Black lives matter and protestors in Atlanta had that as their rallying cry as they protested two fatal police shootings in three months. Just this week an unarmed, naked veteran was shot dead by Atlanta police. In the other fatal shooting, a man was killed after calling 911 for assistance when another man had assaulted his girlfriend. The police officer shot his dog and when the man, who was armed, didn’t immediately drop his gun, he was shot and killed.
More than 100 protesters converged on the Decatur square Wednesday evening to call attention to DeKalb County’s second police killing in three months that they contend was an unjust use of force.
They marched, banged a drum and chanted phrases, including “Hey hey, ho ho, these killer cops have got to go.”
On Monday, DeKalb Officer Robert Olson shot a 27-year-old Air Force veteran to death who was unarmed and naked outside his Chamblee apartment complex.
DeKalb Public Safety Director Cedric Alexander said the man, Anthony Hill, ran at the officer and ignored warnings to stop during an apparent mental-health breakdown.
“Please join us on Wednesday at the Decatur Square as we demand justice for, and honor the lives of Anthony Hill, Kevin Davis, and countless others taken from us too soon,” an email announcing the protest read. “Anthony was naked and unarmed at the time of the shooting, yet Officer Olsen found him to be enough of a threat to take his life.”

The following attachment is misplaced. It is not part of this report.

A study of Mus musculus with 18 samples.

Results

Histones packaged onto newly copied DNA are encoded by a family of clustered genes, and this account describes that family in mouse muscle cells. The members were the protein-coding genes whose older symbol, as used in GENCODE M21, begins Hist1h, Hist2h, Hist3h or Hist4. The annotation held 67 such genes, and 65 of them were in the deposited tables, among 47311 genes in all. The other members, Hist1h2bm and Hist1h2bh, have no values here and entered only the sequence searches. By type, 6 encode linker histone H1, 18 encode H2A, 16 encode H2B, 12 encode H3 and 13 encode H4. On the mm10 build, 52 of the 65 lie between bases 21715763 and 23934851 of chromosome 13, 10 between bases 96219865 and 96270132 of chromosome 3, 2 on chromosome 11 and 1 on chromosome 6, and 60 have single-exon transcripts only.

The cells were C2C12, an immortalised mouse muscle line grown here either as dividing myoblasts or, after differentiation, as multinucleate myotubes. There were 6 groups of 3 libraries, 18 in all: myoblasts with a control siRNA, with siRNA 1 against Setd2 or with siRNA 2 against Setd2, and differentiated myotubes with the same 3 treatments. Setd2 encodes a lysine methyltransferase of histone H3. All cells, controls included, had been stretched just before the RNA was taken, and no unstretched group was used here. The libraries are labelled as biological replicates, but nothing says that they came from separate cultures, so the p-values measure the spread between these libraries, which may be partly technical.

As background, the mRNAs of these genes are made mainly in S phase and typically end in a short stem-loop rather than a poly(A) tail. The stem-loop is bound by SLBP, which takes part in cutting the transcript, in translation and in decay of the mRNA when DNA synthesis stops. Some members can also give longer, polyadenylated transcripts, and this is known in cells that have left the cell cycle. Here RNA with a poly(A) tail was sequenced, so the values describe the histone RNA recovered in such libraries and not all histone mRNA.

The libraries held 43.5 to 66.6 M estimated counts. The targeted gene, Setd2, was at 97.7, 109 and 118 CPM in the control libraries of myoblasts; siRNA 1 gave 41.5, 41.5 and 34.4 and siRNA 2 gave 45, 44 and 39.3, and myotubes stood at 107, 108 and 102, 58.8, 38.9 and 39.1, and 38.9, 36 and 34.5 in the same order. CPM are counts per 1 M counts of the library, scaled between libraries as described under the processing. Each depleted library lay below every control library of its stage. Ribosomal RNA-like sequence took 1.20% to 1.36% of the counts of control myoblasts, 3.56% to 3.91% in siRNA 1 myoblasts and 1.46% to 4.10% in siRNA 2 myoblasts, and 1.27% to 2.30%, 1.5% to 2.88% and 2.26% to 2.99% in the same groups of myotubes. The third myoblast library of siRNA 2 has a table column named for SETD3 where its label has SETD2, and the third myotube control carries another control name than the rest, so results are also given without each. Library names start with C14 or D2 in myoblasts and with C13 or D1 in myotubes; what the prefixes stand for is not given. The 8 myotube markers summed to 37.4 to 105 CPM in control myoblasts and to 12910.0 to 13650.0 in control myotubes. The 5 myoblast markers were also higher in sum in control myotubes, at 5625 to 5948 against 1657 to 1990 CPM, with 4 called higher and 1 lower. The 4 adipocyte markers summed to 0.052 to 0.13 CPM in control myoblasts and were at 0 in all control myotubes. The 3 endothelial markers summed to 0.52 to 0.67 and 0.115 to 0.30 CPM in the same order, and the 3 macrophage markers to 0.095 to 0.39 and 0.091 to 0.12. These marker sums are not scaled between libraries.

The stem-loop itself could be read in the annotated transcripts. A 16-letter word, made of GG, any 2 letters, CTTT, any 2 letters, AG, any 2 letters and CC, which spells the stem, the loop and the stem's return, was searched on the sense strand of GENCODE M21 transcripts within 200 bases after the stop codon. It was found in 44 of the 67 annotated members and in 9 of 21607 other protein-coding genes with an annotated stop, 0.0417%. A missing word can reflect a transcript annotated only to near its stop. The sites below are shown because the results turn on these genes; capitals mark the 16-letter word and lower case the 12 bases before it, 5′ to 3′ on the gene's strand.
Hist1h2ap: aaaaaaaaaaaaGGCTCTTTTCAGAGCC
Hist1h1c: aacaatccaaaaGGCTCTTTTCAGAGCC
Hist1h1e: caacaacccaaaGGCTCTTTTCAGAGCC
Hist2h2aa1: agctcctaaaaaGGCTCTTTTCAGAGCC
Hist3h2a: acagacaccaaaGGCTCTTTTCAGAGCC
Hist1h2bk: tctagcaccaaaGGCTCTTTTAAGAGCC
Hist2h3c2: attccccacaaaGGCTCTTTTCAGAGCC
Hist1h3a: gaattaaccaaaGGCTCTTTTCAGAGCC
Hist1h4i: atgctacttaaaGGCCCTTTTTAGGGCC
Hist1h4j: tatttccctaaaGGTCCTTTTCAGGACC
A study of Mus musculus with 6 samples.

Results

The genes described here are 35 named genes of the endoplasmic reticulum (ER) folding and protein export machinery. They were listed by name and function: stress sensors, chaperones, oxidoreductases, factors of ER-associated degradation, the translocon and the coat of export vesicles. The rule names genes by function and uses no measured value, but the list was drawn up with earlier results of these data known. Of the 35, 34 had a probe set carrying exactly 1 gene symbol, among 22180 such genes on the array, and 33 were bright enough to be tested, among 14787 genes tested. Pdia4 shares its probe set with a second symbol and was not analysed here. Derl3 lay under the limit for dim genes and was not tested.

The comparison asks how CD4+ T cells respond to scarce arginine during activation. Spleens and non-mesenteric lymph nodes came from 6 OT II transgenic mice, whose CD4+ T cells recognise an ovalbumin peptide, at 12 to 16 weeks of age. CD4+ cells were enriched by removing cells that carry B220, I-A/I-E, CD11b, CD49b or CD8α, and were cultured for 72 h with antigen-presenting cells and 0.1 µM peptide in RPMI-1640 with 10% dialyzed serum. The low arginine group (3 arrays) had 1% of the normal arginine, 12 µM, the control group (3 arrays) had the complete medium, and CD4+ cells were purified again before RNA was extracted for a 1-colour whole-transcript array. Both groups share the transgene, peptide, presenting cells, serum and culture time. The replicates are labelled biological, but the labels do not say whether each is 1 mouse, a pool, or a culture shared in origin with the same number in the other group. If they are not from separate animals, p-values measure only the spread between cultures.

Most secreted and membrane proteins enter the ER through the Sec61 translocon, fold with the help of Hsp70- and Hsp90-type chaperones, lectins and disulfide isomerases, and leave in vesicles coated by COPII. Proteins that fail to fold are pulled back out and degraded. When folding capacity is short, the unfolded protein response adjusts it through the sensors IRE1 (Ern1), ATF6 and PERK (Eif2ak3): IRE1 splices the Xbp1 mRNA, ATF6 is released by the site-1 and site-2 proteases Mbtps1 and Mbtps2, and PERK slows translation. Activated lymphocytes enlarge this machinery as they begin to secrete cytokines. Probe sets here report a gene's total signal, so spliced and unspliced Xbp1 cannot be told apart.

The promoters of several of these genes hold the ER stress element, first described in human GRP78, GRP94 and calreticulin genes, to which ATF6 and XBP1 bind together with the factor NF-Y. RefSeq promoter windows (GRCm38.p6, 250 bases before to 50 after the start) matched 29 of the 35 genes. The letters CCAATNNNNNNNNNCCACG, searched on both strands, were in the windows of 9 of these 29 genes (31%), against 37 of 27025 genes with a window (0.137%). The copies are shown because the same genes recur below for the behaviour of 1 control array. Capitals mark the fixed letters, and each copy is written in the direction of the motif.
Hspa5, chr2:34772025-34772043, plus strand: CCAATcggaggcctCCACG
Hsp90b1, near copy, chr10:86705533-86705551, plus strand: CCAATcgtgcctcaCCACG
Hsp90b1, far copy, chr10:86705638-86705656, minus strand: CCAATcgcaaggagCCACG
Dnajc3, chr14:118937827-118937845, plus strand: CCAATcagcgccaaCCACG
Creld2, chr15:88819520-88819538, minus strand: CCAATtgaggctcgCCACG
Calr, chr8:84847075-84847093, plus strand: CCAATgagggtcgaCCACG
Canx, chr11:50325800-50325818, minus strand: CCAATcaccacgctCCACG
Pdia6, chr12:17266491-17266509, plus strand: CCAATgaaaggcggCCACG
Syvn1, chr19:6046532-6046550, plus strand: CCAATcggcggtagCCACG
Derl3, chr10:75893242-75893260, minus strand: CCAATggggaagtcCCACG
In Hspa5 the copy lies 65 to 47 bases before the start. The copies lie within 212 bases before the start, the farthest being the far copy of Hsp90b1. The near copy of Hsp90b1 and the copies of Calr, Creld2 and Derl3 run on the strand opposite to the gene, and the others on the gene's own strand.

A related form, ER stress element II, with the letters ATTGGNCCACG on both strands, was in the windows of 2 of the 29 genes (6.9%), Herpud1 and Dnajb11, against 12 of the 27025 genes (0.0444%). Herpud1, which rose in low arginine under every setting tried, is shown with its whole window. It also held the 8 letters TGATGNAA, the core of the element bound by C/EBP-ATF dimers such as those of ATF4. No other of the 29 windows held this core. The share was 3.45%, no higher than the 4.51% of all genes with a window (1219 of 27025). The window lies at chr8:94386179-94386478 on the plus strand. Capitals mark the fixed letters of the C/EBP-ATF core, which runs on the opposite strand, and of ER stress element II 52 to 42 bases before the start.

Many of the protesters wore purple, reportedly Hill’s favorite color. One sign read: Anthony Hill fought for his country only to be murdered by a DeKalb police officer. Demilitarize the police.
DeKalb County police officer Robert Olson was placed on administrative leave.
Jim Chambers said his goal Wednesday night was to honor Anthony Hill and begin a discussion in the community.
Another case was also on the crowd’s mind.
In December, Officer Joseph Pitts shot Kevin Davis, a 44-year-old man who had called 911 for help, after killing his dog.
Alexander said Pitts shot Davis after he didn’t drop a gun. Davis was demanding to know why the officer had shot his dog but was not pointing the gun at Pitts, Alexander said.
Davis, who had no arrest record, had come to the door after hearing the gunshots believing a man who had assaulted his girlfriend had returned, Alexander said.
The Georgia Bureau of Investigation is investigating both cases at Alexander’s request.